The streak

“Hope is a good thing. Maybe the best of things. And no good thing ever dies.”
Andy Dufresne

Having passionately followed Pittsburgh sports for at least 20 years, I have endured many agonizing moments. Glenn Braggs robbing Carmelo Martinez of a home run in 1990. David Volek’s overtime goal in 1993. Larry Brown’s second interception in Super Bowl XXX. But as you might expect, Francisco Cabrera’s two-run single in 1992 easily tops them all.
I still vividly remember watching the play. We were sure the game was won. Heading into the ninth inning, there were smiles all around as we prepared for a pennant celebration. Then, just moments later, it was gone. I experienced a unique feeling of emotion as the ball sailed past Jay Bell’s futile lunge. Everything slowed down as the ball bounded precariously into left field. As the play approached home plate, I was aware of the chaotic roar that was growing at Fulton-County Stadium. But the shock of what I was witnessing blocked sound from entering my mind. I heard only silence as Sid Bream slid in ahead of the throw and was mobbed by his teammates.
I was stunned. I watched without expression as the Braves celebrated the dramatic victory. I stared at that television for a long time after the game ended. Most people can describe the tears they shed after that game. But there were no tears for me. I simply sat there in that stunned silence, unable to comprehend what had just happened.
Moments after Bream scored, a camera caught Andy Van Slyke sitting in center field, watching the celebration. It is a shot that has represented the Pirates for the past 16 years. The organization sat down in a daze next to Van Slyke after that game, and never stood back up. The Braves knocked the proud franchise to the ground, and it closed its eyes and prayed for the bell to ring.
Yesterday, the Pirates tied the record for consecutive losing seasons in the most appropriate of styles. It wasn’t spectacular enough to blow a 5-0 lead and ultimately lose 11-6. The monumental scene was a disastrous fourth inning, in which the Pirates allowed ten runs on nine hits and two errors. It was a beautiful microcosm of this streak of futility.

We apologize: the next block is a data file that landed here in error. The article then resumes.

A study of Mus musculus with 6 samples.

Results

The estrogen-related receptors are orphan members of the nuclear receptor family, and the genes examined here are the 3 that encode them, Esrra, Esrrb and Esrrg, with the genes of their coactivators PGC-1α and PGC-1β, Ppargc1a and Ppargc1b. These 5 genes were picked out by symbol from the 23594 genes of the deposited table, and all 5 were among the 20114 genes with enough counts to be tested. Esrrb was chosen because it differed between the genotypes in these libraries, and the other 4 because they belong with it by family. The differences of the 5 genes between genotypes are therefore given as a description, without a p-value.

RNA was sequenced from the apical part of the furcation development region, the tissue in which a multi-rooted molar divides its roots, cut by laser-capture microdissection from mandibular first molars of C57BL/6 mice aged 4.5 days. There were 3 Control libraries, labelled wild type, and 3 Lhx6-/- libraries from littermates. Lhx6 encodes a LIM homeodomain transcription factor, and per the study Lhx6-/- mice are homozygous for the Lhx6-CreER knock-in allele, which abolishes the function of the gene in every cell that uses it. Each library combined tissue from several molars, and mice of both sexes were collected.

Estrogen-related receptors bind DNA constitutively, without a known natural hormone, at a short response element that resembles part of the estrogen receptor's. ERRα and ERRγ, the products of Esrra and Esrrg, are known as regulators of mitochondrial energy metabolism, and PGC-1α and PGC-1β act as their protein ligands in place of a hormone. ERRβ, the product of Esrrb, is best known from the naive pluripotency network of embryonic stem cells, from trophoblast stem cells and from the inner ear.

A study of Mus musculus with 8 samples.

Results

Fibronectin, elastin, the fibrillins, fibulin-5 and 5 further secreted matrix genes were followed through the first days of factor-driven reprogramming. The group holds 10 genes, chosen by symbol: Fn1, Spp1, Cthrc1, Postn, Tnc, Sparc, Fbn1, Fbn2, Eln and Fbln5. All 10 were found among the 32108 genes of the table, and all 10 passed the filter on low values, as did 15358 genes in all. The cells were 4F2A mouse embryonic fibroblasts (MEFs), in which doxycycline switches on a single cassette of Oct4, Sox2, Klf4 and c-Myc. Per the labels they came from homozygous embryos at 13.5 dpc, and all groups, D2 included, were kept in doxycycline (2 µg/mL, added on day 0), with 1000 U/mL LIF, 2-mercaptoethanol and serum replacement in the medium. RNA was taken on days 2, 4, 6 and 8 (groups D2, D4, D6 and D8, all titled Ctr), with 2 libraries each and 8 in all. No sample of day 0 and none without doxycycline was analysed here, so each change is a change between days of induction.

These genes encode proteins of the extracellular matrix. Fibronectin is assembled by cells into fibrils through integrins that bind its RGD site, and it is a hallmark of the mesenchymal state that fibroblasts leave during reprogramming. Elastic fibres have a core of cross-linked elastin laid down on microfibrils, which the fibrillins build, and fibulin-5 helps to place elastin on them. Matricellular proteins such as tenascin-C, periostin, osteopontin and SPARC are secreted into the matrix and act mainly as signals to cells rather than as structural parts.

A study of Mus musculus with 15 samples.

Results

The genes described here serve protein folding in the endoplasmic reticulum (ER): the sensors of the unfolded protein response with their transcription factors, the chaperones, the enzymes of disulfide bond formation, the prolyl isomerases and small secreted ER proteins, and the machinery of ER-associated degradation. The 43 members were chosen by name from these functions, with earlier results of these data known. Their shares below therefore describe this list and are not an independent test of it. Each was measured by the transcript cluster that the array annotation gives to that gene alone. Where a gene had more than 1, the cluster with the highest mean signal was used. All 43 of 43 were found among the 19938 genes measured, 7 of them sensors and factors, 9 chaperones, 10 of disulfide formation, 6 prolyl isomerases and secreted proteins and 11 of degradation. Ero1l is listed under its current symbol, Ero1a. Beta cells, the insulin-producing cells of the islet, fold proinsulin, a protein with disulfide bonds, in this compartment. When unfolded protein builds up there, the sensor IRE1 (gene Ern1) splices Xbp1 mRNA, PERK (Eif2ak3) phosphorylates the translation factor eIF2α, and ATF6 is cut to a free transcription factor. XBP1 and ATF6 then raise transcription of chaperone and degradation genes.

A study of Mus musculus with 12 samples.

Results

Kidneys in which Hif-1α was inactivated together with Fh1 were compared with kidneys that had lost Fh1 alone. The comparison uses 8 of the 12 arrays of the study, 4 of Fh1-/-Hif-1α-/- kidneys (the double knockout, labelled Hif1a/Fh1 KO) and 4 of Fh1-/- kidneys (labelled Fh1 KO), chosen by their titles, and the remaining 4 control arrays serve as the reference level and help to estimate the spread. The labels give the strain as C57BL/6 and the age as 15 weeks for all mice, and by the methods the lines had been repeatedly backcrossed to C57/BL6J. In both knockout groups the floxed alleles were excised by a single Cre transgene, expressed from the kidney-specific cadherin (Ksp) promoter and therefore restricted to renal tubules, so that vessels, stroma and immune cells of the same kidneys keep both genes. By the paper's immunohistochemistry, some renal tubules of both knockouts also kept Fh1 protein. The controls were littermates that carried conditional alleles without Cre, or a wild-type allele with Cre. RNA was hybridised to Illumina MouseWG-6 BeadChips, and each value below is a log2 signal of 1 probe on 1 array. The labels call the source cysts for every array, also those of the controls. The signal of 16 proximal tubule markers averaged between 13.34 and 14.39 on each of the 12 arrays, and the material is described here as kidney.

However, there is currently a difference in the franchise.
This organization is no longer sitting on the ground defeated. It is on its feet. Sure, it is still getting beat up. You can’t sit for 1.5 decades and expect to have your legs under you when you stand up. It will take some time before you’re steady. Then you will have to do some light exercising. Then, some more intense workouts. Eventually, you will be in good enough shape to defend yourself.
This franchise is standing and determined. It got to its feet last season with the overhaul of the front office. It began steadying its legs with an increased scouting budget, a new Dominican facility, a strong draft in June and the beginnings of a rebuilding project at the trade deadline.
Obviously, there is still a long way to go. It is extremely difficult to be optimistic when you tie a record for long-term futility by way of an exceptionally ugly loss. But for the first time in many years, there is some actual hope for the future. And while it seems like we have been basing the past 16 years on hope, this is the first time that we have a legitimate reason to do so.


3 Responses to “The streak”

  1. Tony In Erie Says:

    Couldn’t agree more Matt!
    This season could have been a bit better but I still am VERY excited about where we’re going. Almost there…almost there…..

  2. Doubting Bob Says:

    I’m glad to see you’ve enjoyed the refreshments at the Heaven’s Gate Pirates party. Tying the record for consecutive losing seasons is nothing to be glad or naively optimistic about. Perhaps you should and come back to reality.

  3. Matt Bandi Says:

    Trust me, I am anything but happy about the run of losing seasons. I have been a miserable Pirate fan since 1992, just like everyone else.
    However, as much as the last 16 years have sucked, they are in the past. Looking at the future, I am encouraged. Think about it. Two years ago, if you were to draw up a step by step plan on how to turn around the franchise, it would look something like this (quickly, off the top of my head):
    1. Replace McClatchy, Littlefield, Creech, Graham, etc. with competent people.
    2. Increase presence in Latin America.
    3. Improve scouting and development.
    4. Increase draft budget.
    5. Begin to buy low, sell high on players.
    6. Increase Major League payroll
    7. Etc.
    8. Etc.
    Basically, the entire organization needed rebuilt. In a short time, many of these things have been accomplished. There is still a long way to go (because the franchise was in such terrible shape), and who knows how things will eventually turn out. But I see no reason not to feel optimistic about the future.